Because meat keeps far longer in the freezer than in the fridge, knowing how to safely thaw meat is an essential part of every cook’s skillset. Certain methods, such as leaving an exposed package of chicken breast on the counter for hours, can breed bacteria and cause illness. You can choose to thaw animal products in the refrigerator, under cold water, or in the microwave.
Thawing in the Fridge
The safest way to defrost meat–putting it in the refrigerator–requires planning ahead, because it takes 24 hours for every 5 pounds of meat to thaw all the way. Even small amounts of frozen food, such as a pound of ground meat or boneless chicken breasts, require a full day to thaw. However, this method is also the simplest because it only requires a refrigerator. To thaw meat in the fridge, place it on a plate either in its original plastic packaging or covered with plastic wrap. The plate keeps any moisture released from the thawing process from leaking all over your fridge. Remember that some areas of the fridge may keep food colder than other areas (in most fridges, that area is the bottom). Food will also take longer to thaw in a refrigerator set at 35°F than one set at 40°F.
Since the meat will already be refrigerated, you won’t have to worry about cooking the meat immediately after it finishes thawing. Thawed poultry, fish, or ground meat can be kept there for an additional 1 to 2 days before cooking. Beef, pork, lamb, or veal (roasts, steaks or chops) last a little longer; you can keep those in the fridge for another 3 to 5 days after thawing. Always defrost large pieces of meat using this method, since the quicker methods listed below are more effective with smaller portions. If you eventually decide not to cook the meat you just thawed, you can safely refreeze it within the same time limits, although there may be some loss of quality.
Thawing Under Cold Water
You don’t always have the time to spend defrosting meat in the fridge. If you just decided to cook some frozen shrimp 5 minutes ago, you can easily thaw them by placing them in a resealable plastic bag and submerging them under cold water. Some people will recommend hot water, but you run the risk of heating the meat so it reaches the temperature “danger zone” (anywhere between 40°F and 140°F), which is the range where bacteria is much more likely to multiply quickly. The plastic bag keeps the meat from absorbing the water.
Alternatively, you can put the meat in a colander and run some cold water over the top, which is easier for small chunks of meat like shrimp that can get stuck together. Use your hands to gently break the frozen meat apart under the running water. Keep in mind that the meat may absorb some water if you use this method. For either of these cold water methods, make sure to cook the meat through before putting it back in the fridge or refreezing.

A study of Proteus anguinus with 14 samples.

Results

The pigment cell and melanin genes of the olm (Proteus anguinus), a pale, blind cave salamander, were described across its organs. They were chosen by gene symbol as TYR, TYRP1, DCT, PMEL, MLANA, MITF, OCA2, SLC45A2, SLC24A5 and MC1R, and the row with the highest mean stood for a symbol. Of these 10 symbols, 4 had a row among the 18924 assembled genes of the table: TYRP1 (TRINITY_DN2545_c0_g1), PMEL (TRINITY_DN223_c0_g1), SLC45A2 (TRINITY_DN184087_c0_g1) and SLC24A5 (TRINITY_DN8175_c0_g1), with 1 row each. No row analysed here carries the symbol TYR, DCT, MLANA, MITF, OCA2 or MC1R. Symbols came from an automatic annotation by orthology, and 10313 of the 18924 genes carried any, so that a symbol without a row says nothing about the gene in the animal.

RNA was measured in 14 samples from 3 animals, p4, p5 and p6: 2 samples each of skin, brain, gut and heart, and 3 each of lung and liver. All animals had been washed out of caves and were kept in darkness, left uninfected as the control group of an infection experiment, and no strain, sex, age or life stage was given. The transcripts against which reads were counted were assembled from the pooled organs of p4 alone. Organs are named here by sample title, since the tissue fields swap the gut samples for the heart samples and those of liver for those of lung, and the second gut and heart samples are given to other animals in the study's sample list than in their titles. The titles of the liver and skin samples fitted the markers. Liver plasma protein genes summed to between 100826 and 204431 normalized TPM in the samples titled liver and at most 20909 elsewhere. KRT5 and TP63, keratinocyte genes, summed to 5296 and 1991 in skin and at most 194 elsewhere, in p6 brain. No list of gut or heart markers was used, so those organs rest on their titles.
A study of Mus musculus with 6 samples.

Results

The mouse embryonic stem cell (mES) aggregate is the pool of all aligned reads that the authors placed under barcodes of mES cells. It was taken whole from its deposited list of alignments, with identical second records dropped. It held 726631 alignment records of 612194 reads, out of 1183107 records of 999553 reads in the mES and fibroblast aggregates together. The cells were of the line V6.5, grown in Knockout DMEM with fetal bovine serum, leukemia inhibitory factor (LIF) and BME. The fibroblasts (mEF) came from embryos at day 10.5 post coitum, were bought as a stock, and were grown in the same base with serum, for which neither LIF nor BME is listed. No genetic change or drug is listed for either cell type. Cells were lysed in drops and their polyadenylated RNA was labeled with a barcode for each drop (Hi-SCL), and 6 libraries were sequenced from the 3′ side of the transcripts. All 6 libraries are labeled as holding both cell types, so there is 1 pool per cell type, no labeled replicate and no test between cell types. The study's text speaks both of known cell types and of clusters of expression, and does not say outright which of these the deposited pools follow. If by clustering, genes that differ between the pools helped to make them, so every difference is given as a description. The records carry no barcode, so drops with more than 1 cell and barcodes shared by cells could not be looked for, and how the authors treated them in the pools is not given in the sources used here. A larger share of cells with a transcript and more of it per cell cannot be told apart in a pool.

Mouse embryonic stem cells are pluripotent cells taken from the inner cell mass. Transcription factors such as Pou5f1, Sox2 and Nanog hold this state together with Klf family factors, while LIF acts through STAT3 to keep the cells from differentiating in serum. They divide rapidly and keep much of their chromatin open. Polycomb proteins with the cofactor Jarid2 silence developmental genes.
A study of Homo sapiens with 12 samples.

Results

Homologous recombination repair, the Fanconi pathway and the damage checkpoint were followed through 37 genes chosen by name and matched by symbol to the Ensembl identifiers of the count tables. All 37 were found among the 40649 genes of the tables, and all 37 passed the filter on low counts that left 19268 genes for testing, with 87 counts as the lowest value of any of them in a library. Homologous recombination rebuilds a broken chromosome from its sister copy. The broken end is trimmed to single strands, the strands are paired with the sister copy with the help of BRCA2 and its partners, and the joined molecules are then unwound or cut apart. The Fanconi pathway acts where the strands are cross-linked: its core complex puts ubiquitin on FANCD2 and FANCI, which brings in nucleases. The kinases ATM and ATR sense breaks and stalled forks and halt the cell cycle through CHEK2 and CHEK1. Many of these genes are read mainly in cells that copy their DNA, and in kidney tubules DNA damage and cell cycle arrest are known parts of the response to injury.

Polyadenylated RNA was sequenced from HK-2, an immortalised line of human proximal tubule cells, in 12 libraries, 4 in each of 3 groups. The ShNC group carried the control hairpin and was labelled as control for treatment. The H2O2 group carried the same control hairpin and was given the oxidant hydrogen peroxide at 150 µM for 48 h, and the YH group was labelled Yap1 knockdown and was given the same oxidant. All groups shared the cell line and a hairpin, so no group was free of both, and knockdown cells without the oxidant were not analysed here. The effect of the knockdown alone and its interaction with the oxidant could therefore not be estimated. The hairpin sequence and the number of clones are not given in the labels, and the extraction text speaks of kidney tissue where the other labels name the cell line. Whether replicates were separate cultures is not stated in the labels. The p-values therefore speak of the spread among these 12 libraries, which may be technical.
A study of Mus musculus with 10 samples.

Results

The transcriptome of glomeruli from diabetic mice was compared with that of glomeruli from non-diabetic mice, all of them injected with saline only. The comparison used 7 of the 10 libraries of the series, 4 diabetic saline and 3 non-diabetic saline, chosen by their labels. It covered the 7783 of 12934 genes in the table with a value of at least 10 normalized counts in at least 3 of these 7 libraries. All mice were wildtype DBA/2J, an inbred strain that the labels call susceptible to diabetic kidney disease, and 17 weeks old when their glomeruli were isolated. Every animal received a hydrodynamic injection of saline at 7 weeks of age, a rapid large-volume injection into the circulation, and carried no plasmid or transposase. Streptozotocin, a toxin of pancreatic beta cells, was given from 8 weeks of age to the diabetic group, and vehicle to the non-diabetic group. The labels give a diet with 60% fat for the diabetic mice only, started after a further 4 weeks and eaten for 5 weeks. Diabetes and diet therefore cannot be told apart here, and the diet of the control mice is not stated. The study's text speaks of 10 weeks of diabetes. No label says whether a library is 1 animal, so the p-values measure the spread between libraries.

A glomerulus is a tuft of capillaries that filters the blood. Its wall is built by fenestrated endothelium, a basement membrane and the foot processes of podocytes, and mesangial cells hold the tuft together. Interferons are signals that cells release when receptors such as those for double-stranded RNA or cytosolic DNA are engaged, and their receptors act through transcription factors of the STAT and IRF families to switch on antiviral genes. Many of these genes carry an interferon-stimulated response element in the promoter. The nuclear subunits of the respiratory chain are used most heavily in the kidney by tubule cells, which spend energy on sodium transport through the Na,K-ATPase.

Thawing in the Microwave
This is the fastest method of thawing meat, but you must cook the meat immediately after you thaw it. Thawing meat in the microwave can partially cook or warm the meat, bringing it into the temperature danger zone mentioned above. Do not store it for later cooking. To thaw meat in the microwave, first remove all packaging and place the meat on a microwave-safe plate. Then defrost the meat on low or use the thaw setting on the microwave. A larger piece of meat will take longer to thaw (usually thaw settings require you to enter the number of pounds the meat weighs).
This method averages only 5 to 10 minutes, but you have to keep an eye on the microwave. If you cook the food for too long, you’ll risk semi-cooking the meat, which can make it tough and stringy. Keep checking on the progress of the food and remove it once it’s done defrosting. For best results, place thinner portions of meat in the center of the microwave, where they’re less likely to overcook. As with the cold water method, you should always fully cook meat defrosted in the microwave before refrigerating or refreezing it.
Cooking Frozen Foods
When you don’t want to spend time thawing frozen foods, remember that you can safely cook frozen food. However, they may release some water when you cook them, which could affect the consistency of any sauces. The cooking process will take about 50% longer than the recommended time for fully thawed or fresh meat and poultry. Be careful to check the progress of the meat periodically so you don’t undercook it.
While defrosting a few steaks or some fish fillets is pretty simple, many people struggle with how to defrost a large turkey for Thanksgiving Day or other holidays. As with all other animal products, never defrost a turkey by leaving it out on the counter for a couple hours or you risk breeding bacteria. You can also use the three methods listed above, but you should only try microwaving your turkey if it’s really small and you’re pressed for time. Thawing your turkey in the refrigerator overnight is still your best bet; just remember to allow 24 hours for every 5 pounds of turkey. That means a 15-pound turkey would need to defrost over the course of 3 days.
So next time you’re planning to cook some meat that has been sitting in your freezer for weeks, break out these tips so you can thaw your meat safely and preserve its quality.